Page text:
Water rises in Russian diamond mine as 8 still trapped

Rescuers at the Mir diamond mine of Russian partially state-owned diamond mining company ALROSA in Mirny, Russia on Aug 4, 2017.
Rescuers at the Mir diamond mine of Russian partially state-owned diamond mining company ALROSA in Mirny, Russia on Aug 4, 2017.PHOTO: EPA

MSOCOW (AFP) - Fears mounted Thursday (Aug 10) for eight miners trapped in a flooded Russian diamond mine for almost a week as water levels rose inside, hampering desperate rescue efforts.

"The water level is continuing to rise in the Mir mine where rescuers have been searching for eight workers for six days," the emergency situations ministry said in a statement, warning that the water is "gradually filling up" the tunnels.

On Friday a torrent of water rushed through the tunnels of the Mir mine owned by Alrosa, Russia's largest diamond producer, after leaking through from a vast disused crater containing some 300,000 cubic metres of water, or the equivalent of 120 Olympic-size swimming pools.

At the time, 151 miners were working at the site in the Sakha region of Siberia, some 4,000 kilometres (2,500 miles) east of Moscow.

Of these, 142 were immediately evacuated and one emerged a day later, suffering from hypothermia. Attempts to communicate with the other eight have been unsuccessful.

Rescuers have struggled to explore tunnels blocked by huge amounts of clay swept through by the flood while water is continuing to enter the mine from the crater, despite efforts to pump it out.

Deputy emergency situations minister Vladlen Aksyonov said Thursday that "the majority of the mine tunnels are completely flooded. We are continuing our work to rescue people, but I repeat, the situation is very complex."

Alrosa said in a statement on Thursday that the accumulation of water in the crater that then enters the mine "does not allow rescuers to work safely." It said it is now trying to drop in large objects to dam the water.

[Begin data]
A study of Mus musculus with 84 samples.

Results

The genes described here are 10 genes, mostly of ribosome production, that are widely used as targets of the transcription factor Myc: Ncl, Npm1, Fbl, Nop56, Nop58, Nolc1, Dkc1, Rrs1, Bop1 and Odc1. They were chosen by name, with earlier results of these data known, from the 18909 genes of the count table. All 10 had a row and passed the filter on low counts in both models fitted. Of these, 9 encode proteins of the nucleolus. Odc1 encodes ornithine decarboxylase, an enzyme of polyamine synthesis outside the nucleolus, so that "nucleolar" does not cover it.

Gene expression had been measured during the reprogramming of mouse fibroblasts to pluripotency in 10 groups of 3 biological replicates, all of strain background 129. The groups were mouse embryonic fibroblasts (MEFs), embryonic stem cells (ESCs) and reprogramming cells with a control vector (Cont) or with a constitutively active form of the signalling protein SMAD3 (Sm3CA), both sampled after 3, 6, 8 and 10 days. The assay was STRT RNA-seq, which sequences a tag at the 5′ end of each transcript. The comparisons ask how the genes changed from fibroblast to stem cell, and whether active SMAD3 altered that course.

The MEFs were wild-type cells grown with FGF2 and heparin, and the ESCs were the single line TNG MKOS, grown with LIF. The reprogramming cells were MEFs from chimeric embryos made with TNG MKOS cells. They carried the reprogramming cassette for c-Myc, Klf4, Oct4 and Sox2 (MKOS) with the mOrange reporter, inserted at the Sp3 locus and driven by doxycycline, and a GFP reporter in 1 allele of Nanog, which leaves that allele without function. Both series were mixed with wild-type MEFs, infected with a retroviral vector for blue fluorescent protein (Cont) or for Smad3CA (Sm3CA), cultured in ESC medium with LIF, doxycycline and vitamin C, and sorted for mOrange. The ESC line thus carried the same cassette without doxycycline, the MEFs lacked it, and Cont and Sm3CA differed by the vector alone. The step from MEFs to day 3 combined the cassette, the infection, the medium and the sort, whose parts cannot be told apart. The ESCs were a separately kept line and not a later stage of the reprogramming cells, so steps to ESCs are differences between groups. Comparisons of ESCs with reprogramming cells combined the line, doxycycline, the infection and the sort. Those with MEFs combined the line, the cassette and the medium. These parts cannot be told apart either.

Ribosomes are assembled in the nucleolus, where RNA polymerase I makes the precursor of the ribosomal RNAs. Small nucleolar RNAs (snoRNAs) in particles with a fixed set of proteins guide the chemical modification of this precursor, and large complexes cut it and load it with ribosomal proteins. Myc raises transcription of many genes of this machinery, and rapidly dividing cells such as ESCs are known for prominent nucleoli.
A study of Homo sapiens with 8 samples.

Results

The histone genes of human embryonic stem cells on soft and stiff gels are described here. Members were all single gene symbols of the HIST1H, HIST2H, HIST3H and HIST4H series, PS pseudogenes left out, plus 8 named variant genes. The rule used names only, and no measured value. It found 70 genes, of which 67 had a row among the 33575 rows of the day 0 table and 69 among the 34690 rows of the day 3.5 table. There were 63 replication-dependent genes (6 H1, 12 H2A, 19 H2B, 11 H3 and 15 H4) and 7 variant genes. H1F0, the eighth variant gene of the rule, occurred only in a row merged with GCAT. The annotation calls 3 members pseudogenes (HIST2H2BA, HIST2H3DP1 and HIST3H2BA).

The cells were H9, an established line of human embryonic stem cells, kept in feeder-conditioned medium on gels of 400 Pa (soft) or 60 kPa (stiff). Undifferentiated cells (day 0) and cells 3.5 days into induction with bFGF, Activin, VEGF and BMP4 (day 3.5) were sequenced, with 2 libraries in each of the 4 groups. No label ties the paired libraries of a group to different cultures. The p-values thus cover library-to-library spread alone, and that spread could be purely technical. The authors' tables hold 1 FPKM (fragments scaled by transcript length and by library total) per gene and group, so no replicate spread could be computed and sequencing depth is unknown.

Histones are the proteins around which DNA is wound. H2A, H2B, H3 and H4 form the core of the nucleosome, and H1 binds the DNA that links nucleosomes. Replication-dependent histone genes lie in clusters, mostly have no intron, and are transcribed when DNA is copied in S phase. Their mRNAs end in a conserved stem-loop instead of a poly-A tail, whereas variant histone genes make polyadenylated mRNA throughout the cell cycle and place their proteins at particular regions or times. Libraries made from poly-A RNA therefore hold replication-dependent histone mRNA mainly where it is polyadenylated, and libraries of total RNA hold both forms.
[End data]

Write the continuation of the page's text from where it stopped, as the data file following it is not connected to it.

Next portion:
Compensation to relatives

Russia's Investigative Committee has opened a criminal probe into possible violations of safety rules at the mine, which could lead to a jail term of three years.

Meduza independent news site late Wednesday published a transcript of a recording it was given by an anonymous source of a meeting at which rescuers explained the situation to angry relatives of the missing men.

One unnamed woman asks for the mine to take down a sign it has on display saying "People are more precious than diamonds." An unnamed rescue worker was quoted as saying that they had found the bag of one of the missing miners hanging in a tunnel that was dry but do not know where he went from there.

Another rescue worker voiced fears that the men trapped in the mine could only survive a week to nine days at most with little drinking water and no food.

Alrosa has promised to pay 2 million rubles (US$33,400) to the family of each missing miner, whatever the result of the rescue operation.

The company made a net profit of 22.7 billion rubles in the first quarter of 2017.